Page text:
The best camera is the one you have on you, and Nikon wants to make sure that's one of its own. To that end, it's introducing a number of new cameras and lenses today, including a DSLR and an updated kit lens with one major feature in common: they're smaller and more portable than their predecessors.

The D3300 kit is 30 percent smaller and 25 percent lighter than its predecessor

Nikon's new DSLR is the D3300, the successor to its D3200, an entry-level shooter with a good amount of power for its low price. Though the new camera's body has only shrunk down by a small amount, the big change is with its kit lens — an iteration on the 18-55mm lens that Nikon has been offering with many new cameras for years now.

The new lens, which it's calling the "Mark II," features a retracting barrel that can shrink its body down by around 20mm when not in use. When paired together, Nikon says that the D3300's kit package is 30 percent smaller and 25 percent lighter than its predecessor's — a small but significant change for anyone planning to carry it around all day. Though the changes suggest the lens' makeup is quite different, Nikon says that photos taken with its new and old versions should look very similar when compared side-by-side. Though the original lens will remain on sale for now, the Mark II is likely to become one that F-mount users are just as familiar with.

The other major changes to the D3300 are meant to improve its sharpness. Part of that comes from the inclusion of Nikon's Expeed 4 and its improved image processing, but the key difference is on its sensor: though it has the same 24.2 megapixel resolution, it doesn't include a low-pass filter, which should make details turn out clearer. Though there's often some concern that the lack of a low-pass filter could lead to moire — a type of colorful noise — Nikon says that such a pixel-dense sensor should make concerns unwarranted. It's a claim that Nikon seems to be confident in, as this is the second time in a few months that it's chosen not to include the filter on a 24.2 megapixel camera.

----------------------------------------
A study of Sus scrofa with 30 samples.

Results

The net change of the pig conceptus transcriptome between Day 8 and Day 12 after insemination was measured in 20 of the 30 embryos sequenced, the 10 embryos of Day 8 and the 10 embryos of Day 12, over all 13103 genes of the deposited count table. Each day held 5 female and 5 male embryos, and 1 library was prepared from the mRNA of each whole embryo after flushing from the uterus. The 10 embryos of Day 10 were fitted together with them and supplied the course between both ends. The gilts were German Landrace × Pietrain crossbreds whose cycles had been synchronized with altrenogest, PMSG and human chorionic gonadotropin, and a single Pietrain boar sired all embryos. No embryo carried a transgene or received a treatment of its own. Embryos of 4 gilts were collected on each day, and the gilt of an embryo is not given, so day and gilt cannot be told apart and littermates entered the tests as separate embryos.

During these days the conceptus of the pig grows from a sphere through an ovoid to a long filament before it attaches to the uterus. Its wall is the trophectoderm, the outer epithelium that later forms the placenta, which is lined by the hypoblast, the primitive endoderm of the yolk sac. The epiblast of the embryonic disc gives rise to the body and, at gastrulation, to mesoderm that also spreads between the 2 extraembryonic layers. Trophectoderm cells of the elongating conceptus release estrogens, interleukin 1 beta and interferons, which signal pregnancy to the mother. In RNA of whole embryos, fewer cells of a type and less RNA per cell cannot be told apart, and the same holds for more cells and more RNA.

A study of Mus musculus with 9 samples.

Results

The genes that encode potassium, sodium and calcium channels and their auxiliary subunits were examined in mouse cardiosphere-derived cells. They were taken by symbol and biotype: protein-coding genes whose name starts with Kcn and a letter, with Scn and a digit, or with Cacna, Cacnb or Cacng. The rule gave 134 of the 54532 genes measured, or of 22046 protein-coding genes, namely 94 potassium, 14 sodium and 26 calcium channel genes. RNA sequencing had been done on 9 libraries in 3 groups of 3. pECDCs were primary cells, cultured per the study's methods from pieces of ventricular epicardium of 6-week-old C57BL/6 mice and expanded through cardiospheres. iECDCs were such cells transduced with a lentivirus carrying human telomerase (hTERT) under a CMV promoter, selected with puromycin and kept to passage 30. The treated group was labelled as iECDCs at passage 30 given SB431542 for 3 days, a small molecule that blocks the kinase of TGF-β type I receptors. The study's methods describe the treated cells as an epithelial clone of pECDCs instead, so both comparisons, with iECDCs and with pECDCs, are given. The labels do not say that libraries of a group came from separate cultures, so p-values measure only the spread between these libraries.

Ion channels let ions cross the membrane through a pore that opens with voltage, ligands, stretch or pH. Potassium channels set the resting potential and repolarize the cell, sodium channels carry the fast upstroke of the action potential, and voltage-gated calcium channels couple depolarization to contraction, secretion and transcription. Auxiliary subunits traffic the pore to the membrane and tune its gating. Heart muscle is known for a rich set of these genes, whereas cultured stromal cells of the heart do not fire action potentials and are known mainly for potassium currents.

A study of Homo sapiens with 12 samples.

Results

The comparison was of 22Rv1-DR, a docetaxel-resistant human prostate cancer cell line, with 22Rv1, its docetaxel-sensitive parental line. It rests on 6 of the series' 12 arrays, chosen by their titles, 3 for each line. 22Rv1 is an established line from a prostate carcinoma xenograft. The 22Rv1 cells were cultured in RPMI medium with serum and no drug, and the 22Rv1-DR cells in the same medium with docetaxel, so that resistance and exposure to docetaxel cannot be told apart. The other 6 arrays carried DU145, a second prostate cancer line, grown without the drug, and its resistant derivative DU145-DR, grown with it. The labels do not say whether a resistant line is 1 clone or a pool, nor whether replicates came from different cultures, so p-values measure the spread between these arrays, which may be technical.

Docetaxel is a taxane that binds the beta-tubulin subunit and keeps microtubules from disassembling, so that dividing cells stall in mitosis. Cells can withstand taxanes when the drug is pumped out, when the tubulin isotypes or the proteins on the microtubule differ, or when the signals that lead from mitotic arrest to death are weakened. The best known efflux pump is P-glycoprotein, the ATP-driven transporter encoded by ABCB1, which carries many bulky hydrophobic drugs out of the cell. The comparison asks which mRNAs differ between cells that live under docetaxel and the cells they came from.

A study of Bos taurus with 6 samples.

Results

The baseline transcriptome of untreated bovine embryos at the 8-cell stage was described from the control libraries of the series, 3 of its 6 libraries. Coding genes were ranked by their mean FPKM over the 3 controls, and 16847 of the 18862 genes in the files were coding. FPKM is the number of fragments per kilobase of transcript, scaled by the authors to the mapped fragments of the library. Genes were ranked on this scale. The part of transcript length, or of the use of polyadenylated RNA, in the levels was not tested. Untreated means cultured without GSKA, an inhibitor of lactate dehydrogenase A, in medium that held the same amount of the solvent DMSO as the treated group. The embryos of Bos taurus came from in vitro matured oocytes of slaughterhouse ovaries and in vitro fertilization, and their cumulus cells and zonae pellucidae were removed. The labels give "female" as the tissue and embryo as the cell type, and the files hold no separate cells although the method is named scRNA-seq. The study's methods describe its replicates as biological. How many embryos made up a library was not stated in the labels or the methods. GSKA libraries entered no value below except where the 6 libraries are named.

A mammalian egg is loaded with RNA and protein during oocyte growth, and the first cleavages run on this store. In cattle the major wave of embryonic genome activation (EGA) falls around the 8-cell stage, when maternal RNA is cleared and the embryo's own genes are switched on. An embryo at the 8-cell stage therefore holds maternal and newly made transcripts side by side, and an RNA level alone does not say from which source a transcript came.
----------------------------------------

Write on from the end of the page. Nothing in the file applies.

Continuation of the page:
The camera also includes Nikon's first panorama mode on a DSLR. But while it's adding in other beginner-friendly features like photo filters too, Nikon hasn't brought built-in Wi-Fi to the new model, even though it's begun to introduce it elsewhere in its DSLR lineup. The D3300 be available with the kit lens next month for $649.95, with the lens available on its own for $249.95.

Five new Coolpix are coming too

Nikon is also introducing five Coolpix point-and-shoot cameras today: the L830, the S6800, the S5300, the S3600, and the L30. All five models are fairly inexpensive, ranging in price from $299.95 to as low as $119.95. Though their strengths vary, they all introduce a new feature that Nikon's calling Hybrid VR, which should be a big help for anyone shooting video.

The new mode uses a combination of motion tracking and vibration reduction to automatically smooth out shaky footage. That means the final footage will be slightly cropped so that the camera has room to stabilize it, but the end result should be preferable to a nauseatingly unsteady video. All five cameras will go on sale next month.

Nikon's final announcement today is another new lens, a 35mm f/1.8 FX-mount prime, which will go on sale February 20th for $599.95. The lens' introduction helps to fill out an opening in Nikon's lineup of f/1.8 primes, which it's been building piece-by-piece for a little while now. It's something of an odd-one-out for Nikon's CES announcements — which largely focus on smaller, entry-level cameras — but it's an announcement that existing Nikon shooters are more likely to be excited to see.